JACKSONVILLE, January 18th, 1864.
Correspondence of the Register.


The democratic club of this city had a very interesting meeting at their headquarters on Saturday evening last. Capt. Henry, B. F. Bristow, Wm. Brown, and others, addressed the assembly in an able and patriotic manner with reference to the proper course for the democratic party to pursue in the approaching campaign. It was moved and voted that at the next regular meeting of the club, the members take into consideration the propriety of re-organization, in accordance with the suggestion of the National Committee, under the title of McClellan Club.

The wisdom of a thorough organization of the entire democratic party, by means of precinct clubs, certainly none can doubt. It is the most effective way to diffuse democratic principles and to secure the strength which is the result of united efforts. We have no principle which we need conceal, and, therefore, have no use for secret political organizations. The principles of the democratic party are all plainly written in the Federal constitution; and what we now need is the old fashioned democratic clubs with the latch strings always hanging on the outside. The true theory of organization is to have each precinct club make regular reports to the central club of the county; each county club to make regular reports to the central club of the state; and each state club to make regular reports to the National committee.

It should be the especial duty of the precinct clubs to see that the right kind of democratic newspapers are diffused in their localities, and to furnish them to those who are unable to meet the necessary expense. Such an organization as that would not only be the means of advancing democratic truths, but would also enable every individual democrat, no matter how humble his station, to have a voice in the proceedings of his party. The sentiments of the people will thus be accurately expressed, and a popular enthusiasm will be created, which, like that produced by the famous Marseilles Hymn, will trample under foot every opposition, and hurl from their seats the violators of constitutions and laws.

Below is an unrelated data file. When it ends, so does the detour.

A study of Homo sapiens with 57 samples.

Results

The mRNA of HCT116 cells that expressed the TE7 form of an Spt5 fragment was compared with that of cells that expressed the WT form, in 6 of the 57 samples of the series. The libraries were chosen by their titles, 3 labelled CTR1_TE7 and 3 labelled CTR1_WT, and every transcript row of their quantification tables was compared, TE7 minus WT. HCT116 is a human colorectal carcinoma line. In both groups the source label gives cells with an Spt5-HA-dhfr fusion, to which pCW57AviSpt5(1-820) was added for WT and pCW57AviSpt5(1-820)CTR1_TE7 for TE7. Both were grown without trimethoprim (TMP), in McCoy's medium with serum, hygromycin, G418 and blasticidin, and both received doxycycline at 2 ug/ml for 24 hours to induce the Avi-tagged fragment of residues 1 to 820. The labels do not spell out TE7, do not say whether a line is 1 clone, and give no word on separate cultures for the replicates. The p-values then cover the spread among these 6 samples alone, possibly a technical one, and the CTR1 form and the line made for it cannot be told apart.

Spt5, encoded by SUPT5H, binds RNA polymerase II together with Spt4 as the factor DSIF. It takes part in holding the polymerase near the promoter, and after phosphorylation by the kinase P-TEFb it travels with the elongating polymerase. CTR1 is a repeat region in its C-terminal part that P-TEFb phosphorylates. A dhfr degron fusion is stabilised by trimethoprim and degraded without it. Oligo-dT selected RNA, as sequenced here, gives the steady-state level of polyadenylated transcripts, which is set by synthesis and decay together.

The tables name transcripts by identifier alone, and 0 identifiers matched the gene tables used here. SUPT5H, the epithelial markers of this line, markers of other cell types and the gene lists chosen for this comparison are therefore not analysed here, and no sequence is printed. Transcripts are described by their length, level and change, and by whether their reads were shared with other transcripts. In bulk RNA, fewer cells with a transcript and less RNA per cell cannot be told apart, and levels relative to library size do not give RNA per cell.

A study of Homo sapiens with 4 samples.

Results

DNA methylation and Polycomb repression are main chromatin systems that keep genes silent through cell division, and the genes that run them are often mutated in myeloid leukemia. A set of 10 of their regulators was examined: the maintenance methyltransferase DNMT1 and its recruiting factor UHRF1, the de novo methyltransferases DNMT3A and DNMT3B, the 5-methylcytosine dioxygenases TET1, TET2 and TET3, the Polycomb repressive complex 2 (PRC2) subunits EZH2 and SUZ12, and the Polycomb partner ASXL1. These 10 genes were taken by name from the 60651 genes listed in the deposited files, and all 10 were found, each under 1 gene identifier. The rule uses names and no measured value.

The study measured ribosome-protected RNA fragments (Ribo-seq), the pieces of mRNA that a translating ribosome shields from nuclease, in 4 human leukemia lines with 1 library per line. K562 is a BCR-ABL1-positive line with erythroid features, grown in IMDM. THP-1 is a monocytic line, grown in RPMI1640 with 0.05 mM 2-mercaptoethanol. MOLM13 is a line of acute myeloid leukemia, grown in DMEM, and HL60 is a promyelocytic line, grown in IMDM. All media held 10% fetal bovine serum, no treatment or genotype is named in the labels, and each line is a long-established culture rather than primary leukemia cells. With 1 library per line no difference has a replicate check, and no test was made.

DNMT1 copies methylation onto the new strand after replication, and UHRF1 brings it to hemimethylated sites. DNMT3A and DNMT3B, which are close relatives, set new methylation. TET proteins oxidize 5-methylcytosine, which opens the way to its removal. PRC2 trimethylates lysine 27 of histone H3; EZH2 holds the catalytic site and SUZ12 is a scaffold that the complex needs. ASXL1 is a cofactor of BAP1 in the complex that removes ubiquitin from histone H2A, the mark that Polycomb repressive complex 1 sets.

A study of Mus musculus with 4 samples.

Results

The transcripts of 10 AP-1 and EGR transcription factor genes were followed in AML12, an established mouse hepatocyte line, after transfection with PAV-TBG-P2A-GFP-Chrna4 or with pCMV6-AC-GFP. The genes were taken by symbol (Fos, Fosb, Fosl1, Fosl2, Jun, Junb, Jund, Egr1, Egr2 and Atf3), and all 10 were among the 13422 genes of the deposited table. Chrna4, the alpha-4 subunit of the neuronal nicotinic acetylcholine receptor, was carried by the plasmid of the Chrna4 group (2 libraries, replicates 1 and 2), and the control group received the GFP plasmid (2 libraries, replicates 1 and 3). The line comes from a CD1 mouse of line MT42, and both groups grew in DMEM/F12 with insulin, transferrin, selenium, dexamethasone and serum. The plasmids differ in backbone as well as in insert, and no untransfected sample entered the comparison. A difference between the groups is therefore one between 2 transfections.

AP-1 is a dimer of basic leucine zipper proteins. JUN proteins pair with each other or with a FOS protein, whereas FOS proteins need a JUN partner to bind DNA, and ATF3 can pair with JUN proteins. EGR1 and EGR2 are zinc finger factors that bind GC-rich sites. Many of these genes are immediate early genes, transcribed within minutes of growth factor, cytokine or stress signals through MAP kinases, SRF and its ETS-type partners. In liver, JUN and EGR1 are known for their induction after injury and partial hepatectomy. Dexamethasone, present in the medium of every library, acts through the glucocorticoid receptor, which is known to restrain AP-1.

The national committee have acted wisely in appointing the time for the session of the national convention. A short and vigorous campaign is best for the democracy, for many reasons, not the least of which is that it will be attended with much less expense than a long one; and as the abolitionists have in their possession the machine which grinds out green-backs, they would of course have that advantage over us in a long contest.

It will, of course, make but little difference what particular title we give our clubs, providing their democratic character is plainly manifested; but by organizing democratic clubs, under the title of McClellan clubs, it would be equivalent to McClellan's nomination for the presidency, and its effect would be to begin the campaign now.

It will be time enough to hoist the name of our candidate after the 4th of next July. And though McClellan would doubtless be the candidate of the party, if the convention were now in session, yet it is several months before the convention meets, and it is the duty of the party to be carefully on their guard, that that candidate may be selected who gives the most certain assurances of a democratic triumph.

We are unable to read the future, and circumstances may be developed, between now and the fourth of July, which will confirm the present prevailing preference for McClellan; or it may be that those circumstances will indicate that Gen. Grant, Governor Seymour or some one else should receive the nomination of the party.

At all events we should not be pledged to any candidate, but should remain free to select him who would be the most acceptable to the democracy and conservative men generally.